Mussels with cider, tarragon and crème fraîche
- September 2015
- Serves 4
- Hands-on time 20 min, simmering time 5-8 min
A hearty recipe, full of British flavours. Mop up all the creamy, cider sauce with some crusty bread. If you’re up to it, you could even forage the mussels yourself.
- 40.1g (25.2g saturated)
- 5.4g (4.6g sugars)
- 60g butter
- 100g (about 5 large) finely chopped shallots
- 2 garlic cloves, crushed
- 1.75kg fresh mussels (see tips), cleaned
- 400ml dry cider
- 200ml crème fraîche
- Small bunch fresh tarragon, chopped, plus a few extra leaves
- Crusty French bread to serve
- Melt the butter in a very large pan with a lid over a low-medium heat. Add the shallots and garlic, cover and cook gently for 10 minutes until soft but not browned.
- Turn up the heat to high, add the mussels and cider, then cover with the lid. Cook over a high heat for 4-5 minutes, shaking the pan every now and then or until all the mussels have opened (discard any that stay closed). 3. Lift the mussels out of the cooking liquid with a slotted spoon and divide among 4 warmed serving bowls. Still over a high heat, boil the cooking liquid for 1-2 minutes (taste to check it first – if it’s already very salty and strongly flavoured, skip this step).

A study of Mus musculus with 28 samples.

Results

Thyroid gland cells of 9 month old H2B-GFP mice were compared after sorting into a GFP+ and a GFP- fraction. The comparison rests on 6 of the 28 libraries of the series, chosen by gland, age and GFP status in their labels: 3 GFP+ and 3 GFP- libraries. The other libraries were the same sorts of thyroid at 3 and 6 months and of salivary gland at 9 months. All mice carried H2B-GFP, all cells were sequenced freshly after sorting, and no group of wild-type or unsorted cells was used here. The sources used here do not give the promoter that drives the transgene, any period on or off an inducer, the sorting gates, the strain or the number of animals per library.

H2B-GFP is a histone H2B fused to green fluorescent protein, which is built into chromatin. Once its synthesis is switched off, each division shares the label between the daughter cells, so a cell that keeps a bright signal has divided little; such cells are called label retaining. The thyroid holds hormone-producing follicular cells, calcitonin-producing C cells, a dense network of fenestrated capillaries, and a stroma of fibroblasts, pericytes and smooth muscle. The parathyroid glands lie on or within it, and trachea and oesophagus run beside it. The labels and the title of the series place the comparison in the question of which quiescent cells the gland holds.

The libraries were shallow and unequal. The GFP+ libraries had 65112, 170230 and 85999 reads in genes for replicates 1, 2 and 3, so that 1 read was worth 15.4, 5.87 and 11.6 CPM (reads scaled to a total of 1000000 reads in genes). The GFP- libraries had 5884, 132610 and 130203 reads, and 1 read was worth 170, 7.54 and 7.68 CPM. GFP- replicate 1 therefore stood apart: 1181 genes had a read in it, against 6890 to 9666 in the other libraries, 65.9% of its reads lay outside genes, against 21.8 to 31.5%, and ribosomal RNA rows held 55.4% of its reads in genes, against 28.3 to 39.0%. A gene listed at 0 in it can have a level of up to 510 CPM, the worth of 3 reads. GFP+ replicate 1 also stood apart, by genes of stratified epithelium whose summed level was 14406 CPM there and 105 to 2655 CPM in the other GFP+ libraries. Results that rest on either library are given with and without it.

- Stir in the crème fraîche, chopped tarragon and some seasoning to taste (you may not need any salt). Spoon all but the last few spoonfuls of the sauce back over the bowls of mussels – discard this as it often contains grit from the opened mussels. Garnish the bowls with the whole tarragon leaves and serve with plenty of crusty French bread.
To clean mussels, scrub under cold running water. Remove any string-like ‘beards’ and discard any open mussels that don’t close firmly when tapped.
Debbie says ‘Go for rope-grown mussels. They’re fat and juicy with clean shells, and all about the same size, so they’ll open at the same time.’
A light, dry cider works here, or a crisp, lemony white wine such as muscadet or Touraine sauvignon blanc.